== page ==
The concept of isolation is something we’ve all been confronted with quite abruptly over the last few weeks. Whether it’s self-isolating with symptoms of Covid-19, working on your own from home, being laid off as businesses close down or simply missing meeting up with a few friends for a pint or a coffee, we’re all coming face-to-face with the reality of spending a lot of time in our own company, or in the company of a select few family members.
One man who is no stranger to spending a lot of time in his own company is Irish solo sailor Enda O’Coineen. In 2016 he became the first Irishman to take part in the Vendée Globe – a solo round-the-world yacht race which takes place every four years – and, after disaster in early 2017 when his mast was ripped off in a storm 180 miles south east of New Zealand’s South Island, he completed the solo circumnavigation in 2018.
One of the most important bits of advice, he says, is to find a routine.
“It’s about structure. You wake up in the morning, you’re kicked out of bed or your alarm goes off, radio goes on, you have breakfast or if you’re bringing kids to school – there’s a routine.
“So then you’re totally disorientated, that’s gone. I suppose the first lesson is just to develop a routine. In other words, separate out your tasks. Set mini goals each day for what you want to do and what you want to achieve. Even though I’d have been totally on my own in the Southern Ocean I’d have a routine. I’d have my three meals a day, now I could eat any time, but you set that down.”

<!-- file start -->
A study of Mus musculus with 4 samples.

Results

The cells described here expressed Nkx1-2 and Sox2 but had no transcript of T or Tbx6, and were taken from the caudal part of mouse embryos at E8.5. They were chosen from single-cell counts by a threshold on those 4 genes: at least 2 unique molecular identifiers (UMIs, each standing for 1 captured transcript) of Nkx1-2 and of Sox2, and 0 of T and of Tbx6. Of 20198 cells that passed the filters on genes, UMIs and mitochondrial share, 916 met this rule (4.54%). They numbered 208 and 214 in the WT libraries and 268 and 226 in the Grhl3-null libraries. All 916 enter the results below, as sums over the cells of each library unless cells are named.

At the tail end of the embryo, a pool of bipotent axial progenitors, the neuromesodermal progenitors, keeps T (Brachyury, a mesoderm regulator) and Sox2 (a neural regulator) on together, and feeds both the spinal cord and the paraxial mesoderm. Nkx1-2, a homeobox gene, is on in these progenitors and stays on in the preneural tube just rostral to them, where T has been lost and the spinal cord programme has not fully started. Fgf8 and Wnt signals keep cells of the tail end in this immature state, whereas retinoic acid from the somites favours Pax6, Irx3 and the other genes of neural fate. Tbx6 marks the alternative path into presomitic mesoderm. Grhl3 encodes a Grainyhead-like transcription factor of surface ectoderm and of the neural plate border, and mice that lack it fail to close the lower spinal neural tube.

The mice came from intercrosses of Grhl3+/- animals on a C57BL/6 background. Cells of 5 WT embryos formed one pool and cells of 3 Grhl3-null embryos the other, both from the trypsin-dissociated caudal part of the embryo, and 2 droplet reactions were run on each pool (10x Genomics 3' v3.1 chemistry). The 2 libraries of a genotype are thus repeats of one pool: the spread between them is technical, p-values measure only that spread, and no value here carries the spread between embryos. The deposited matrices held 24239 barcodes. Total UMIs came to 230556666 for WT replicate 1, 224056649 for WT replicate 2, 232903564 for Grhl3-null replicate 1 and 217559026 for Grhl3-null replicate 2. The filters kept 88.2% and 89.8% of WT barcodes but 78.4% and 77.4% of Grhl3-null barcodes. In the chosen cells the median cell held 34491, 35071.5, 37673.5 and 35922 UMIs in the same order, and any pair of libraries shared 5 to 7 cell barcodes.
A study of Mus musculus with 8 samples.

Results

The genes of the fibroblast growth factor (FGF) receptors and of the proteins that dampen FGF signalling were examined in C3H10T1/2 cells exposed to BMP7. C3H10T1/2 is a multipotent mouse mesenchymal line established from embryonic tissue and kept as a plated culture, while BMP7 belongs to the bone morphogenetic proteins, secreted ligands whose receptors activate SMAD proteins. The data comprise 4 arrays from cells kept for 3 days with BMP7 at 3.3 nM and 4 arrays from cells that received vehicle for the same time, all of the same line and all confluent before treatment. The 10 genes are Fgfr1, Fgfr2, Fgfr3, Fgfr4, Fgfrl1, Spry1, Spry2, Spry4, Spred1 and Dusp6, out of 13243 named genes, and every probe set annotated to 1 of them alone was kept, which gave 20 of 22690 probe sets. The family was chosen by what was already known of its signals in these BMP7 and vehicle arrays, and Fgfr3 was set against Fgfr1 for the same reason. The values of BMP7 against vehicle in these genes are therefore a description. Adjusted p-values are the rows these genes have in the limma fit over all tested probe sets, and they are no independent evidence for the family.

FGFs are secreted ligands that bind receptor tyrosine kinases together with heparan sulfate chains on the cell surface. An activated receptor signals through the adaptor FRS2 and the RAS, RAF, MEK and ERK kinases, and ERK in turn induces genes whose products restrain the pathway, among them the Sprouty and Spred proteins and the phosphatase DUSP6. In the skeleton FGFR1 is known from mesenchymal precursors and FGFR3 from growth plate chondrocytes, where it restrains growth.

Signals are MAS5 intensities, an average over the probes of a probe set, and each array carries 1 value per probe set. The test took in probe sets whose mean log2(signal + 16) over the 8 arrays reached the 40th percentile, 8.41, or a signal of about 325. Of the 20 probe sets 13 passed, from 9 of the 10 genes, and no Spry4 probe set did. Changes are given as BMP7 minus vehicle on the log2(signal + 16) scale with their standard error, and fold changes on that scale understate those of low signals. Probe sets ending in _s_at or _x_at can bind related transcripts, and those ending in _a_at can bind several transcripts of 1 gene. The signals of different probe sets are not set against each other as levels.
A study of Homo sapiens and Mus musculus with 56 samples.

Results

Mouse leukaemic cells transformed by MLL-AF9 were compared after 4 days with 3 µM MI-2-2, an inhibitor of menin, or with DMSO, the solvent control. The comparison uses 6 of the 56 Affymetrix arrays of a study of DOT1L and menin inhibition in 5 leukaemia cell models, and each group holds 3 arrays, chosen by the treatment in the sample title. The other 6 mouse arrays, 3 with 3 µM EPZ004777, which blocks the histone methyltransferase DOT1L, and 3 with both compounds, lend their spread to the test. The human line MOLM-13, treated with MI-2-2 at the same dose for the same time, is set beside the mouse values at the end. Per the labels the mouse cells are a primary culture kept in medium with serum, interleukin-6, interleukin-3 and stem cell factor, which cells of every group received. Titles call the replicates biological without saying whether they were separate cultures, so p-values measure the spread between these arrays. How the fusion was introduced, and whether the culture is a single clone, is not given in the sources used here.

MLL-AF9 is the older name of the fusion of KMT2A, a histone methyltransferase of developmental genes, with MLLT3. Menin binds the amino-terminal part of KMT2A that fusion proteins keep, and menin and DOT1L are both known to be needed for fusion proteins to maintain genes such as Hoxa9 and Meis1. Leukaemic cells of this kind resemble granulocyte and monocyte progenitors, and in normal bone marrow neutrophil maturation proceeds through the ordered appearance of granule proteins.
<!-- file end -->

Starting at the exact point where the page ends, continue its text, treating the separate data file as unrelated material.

Suddenly being out of the workplace might seem like a peaceful break at first but over time, for many, the lack of workplace chat and just the general feeling of being around people could get more and more difficult. O’Coineen – whose adventures are detailed in his memoir Journey To The Edge – says that communication is key and, if possible, to work it into a routine whereby you speak to people at the same time each day.
“Being isolated is quite separate to being lonely. We have all the mod-cons now where you’re in touch daily and you’d encourage people to pick up the phone rather than email or text, there’s a huge tendency to rely on that which is only one-dimensional. The best situation is obviously personal contact but pick up the phone – that would be another message. Set up that routine and that regularity where at a certain time you talk.”
And while the new daily life that most people are now living will inevitably prove more and more challenging the longer it goes on, there can be some positives taken from it.
“I think it’s actually a good time for people to stand back and benefit from this. You get a much clearer perspective,” says O’Coineen.
“When you do spend periods on your own you appreciate the value of company. While it might be seen as a negative I’d try to take this opportunity as a positive. It’s much easier obviously if people have work to do. Home working is easier because people have that focus. I suppose if you don’t have a focus, if you’re in the frontline hospitality business and you don’t have work that’s another challenge, but the way I think to get around that is to create goals and objectives.
“It’s not for everybody, isolation. It’s certainly not. We do need human company but I learned to manage and, you know, I had a challenge and a goal and a focus. People could look at working from home as a challenge and you can adapt and learn and use it to your advantage.”